Music and Worship Student Presentations

Document Type

Conference Presentation

Event Date



National Conference on Undergraduate Research


La Crosse, WI


New things are often viewed as being better and more advanced than older counterparts. However, new does not denote superior. Music notation serves as one example of old methods that were as adequate as the new. Early forms of music notation may appear vague and ambiguous, but when combined with oral tradition the notation contained all the information required for a successful performance. Though these early notational forms seem insufficient when compared with contemporary forms, notation cannot be removed from the context in which it served. From the origin of neumes in the ninth century to the rhythmic developments of the Ars Nova period in the fourteenth century, each musical period collaborated with the foundation of oral tradition to create and adapt notational forms. The evolution of music notation progressed as series of innovations that worked alongside oral tradition to meet the musical demands of each period.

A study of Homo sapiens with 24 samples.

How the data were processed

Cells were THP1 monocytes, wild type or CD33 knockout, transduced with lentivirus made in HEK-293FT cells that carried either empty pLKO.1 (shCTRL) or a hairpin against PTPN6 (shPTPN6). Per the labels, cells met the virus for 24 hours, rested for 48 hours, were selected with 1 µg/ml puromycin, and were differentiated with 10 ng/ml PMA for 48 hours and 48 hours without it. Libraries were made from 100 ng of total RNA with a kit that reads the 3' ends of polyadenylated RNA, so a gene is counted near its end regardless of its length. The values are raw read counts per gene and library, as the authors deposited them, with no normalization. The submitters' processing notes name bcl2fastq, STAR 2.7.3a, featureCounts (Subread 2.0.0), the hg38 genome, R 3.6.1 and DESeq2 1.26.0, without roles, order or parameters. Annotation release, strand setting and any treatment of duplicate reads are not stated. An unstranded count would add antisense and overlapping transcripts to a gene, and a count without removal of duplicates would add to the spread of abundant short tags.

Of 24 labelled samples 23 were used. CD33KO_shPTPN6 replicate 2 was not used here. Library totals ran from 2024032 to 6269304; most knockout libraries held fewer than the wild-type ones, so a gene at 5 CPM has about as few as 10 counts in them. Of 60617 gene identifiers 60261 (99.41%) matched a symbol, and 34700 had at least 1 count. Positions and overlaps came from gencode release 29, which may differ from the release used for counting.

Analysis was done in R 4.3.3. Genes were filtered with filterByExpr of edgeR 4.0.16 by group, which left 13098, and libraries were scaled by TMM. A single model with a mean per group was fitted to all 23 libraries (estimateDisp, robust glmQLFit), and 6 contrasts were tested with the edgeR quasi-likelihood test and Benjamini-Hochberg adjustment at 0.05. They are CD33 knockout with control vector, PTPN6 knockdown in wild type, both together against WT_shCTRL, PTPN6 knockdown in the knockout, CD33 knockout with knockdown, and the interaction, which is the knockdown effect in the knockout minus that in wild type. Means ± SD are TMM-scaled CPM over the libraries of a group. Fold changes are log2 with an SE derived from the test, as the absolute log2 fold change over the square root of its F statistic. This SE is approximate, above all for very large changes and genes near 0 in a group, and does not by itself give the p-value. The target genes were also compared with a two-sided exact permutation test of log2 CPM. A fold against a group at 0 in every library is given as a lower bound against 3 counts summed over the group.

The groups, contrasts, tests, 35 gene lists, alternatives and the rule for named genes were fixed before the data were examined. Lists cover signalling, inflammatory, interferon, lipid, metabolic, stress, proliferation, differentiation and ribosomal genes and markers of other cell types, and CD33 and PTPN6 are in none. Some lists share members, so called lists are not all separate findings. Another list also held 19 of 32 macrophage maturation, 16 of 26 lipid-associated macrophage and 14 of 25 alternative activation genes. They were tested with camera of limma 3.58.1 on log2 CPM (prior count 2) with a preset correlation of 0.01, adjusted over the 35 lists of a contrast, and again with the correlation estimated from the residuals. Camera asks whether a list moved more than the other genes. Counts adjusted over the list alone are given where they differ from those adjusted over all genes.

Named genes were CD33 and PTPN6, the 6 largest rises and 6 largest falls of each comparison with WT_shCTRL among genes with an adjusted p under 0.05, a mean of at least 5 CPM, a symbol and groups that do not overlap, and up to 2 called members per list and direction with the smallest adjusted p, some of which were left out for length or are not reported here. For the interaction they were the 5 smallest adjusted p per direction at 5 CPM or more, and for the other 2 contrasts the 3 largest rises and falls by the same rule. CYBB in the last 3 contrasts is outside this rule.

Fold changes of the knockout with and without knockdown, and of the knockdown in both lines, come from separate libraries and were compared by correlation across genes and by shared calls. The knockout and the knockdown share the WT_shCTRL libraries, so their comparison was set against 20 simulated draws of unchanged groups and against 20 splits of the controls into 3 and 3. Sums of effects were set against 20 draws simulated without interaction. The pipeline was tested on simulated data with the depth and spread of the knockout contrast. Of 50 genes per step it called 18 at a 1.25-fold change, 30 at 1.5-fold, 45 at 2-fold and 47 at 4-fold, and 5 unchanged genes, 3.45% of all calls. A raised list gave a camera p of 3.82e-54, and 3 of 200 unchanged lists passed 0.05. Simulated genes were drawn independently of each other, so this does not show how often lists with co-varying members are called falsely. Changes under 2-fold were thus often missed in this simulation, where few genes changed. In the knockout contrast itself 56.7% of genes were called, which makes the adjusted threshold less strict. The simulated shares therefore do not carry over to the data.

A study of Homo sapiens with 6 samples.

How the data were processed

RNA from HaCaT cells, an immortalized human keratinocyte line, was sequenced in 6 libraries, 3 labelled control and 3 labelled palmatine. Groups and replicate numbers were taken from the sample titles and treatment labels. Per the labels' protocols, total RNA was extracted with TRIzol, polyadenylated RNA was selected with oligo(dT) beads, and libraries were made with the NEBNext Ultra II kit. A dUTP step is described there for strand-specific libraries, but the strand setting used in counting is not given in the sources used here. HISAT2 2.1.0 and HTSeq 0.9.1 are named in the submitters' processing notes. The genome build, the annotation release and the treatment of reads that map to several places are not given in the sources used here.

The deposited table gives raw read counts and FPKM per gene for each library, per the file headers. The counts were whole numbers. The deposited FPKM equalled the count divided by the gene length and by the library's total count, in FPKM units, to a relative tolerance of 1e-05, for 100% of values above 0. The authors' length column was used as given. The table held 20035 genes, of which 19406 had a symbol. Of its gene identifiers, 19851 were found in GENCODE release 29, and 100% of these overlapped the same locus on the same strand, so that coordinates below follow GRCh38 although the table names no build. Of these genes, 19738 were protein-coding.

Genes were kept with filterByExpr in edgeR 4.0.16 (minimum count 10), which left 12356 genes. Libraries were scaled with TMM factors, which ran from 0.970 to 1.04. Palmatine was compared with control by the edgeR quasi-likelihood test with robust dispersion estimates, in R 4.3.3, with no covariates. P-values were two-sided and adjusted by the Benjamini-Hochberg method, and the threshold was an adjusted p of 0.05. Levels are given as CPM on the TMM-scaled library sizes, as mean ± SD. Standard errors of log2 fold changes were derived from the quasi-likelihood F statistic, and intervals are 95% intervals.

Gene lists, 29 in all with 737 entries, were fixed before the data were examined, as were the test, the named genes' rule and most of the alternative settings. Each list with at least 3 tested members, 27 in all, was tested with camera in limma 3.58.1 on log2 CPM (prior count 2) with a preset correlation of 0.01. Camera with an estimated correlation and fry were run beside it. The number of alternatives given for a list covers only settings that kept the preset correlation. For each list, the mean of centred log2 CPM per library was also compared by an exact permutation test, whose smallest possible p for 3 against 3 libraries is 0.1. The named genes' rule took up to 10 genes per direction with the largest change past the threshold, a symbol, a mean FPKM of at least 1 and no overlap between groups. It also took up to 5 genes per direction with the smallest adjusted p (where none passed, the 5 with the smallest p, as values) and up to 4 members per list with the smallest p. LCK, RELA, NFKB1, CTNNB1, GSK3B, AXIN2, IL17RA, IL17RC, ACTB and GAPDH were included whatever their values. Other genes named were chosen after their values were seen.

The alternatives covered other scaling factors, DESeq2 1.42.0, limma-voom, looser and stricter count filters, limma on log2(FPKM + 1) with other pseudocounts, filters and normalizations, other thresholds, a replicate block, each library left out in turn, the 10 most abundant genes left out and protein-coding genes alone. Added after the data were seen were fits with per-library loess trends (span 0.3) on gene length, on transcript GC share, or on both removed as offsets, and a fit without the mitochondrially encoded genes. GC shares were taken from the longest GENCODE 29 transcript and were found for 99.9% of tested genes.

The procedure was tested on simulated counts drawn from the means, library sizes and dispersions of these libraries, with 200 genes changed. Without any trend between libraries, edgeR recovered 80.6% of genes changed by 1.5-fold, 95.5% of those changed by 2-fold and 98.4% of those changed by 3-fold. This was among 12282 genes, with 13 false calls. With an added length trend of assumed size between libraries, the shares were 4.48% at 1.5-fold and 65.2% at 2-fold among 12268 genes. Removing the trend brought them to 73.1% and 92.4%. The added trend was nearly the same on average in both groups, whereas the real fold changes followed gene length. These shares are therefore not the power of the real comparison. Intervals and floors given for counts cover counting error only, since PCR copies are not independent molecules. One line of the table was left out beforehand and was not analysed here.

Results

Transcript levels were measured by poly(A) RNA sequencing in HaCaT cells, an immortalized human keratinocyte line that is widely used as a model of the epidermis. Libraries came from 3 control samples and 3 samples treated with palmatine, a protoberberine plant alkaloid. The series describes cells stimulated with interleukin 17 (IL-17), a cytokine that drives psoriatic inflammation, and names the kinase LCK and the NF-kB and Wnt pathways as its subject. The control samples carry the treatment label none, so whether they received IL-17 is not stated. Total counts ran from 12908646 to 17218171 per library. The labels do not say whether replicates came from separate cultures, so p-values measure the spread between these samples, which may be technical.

Neumes, musical notation, music notation

Creative Commons License

Creative Commons Attribution-Noncommercial-No Derivative Works 4.0 License
This work is licensed under a Creative Commons Attribution-Noncommercial-No Derivative Works 4.0 License.



To view the content in your browser, please download Adobe Reader or, alternately,
you may Download the file to your hard drive.

NOTE: The latest versions of Adobe Reader do not support viewing PDF files within Firefox on Mac OS and if you are using a modern (Intel) Mac, there is no official plugin for viewing PDF files within the browser window.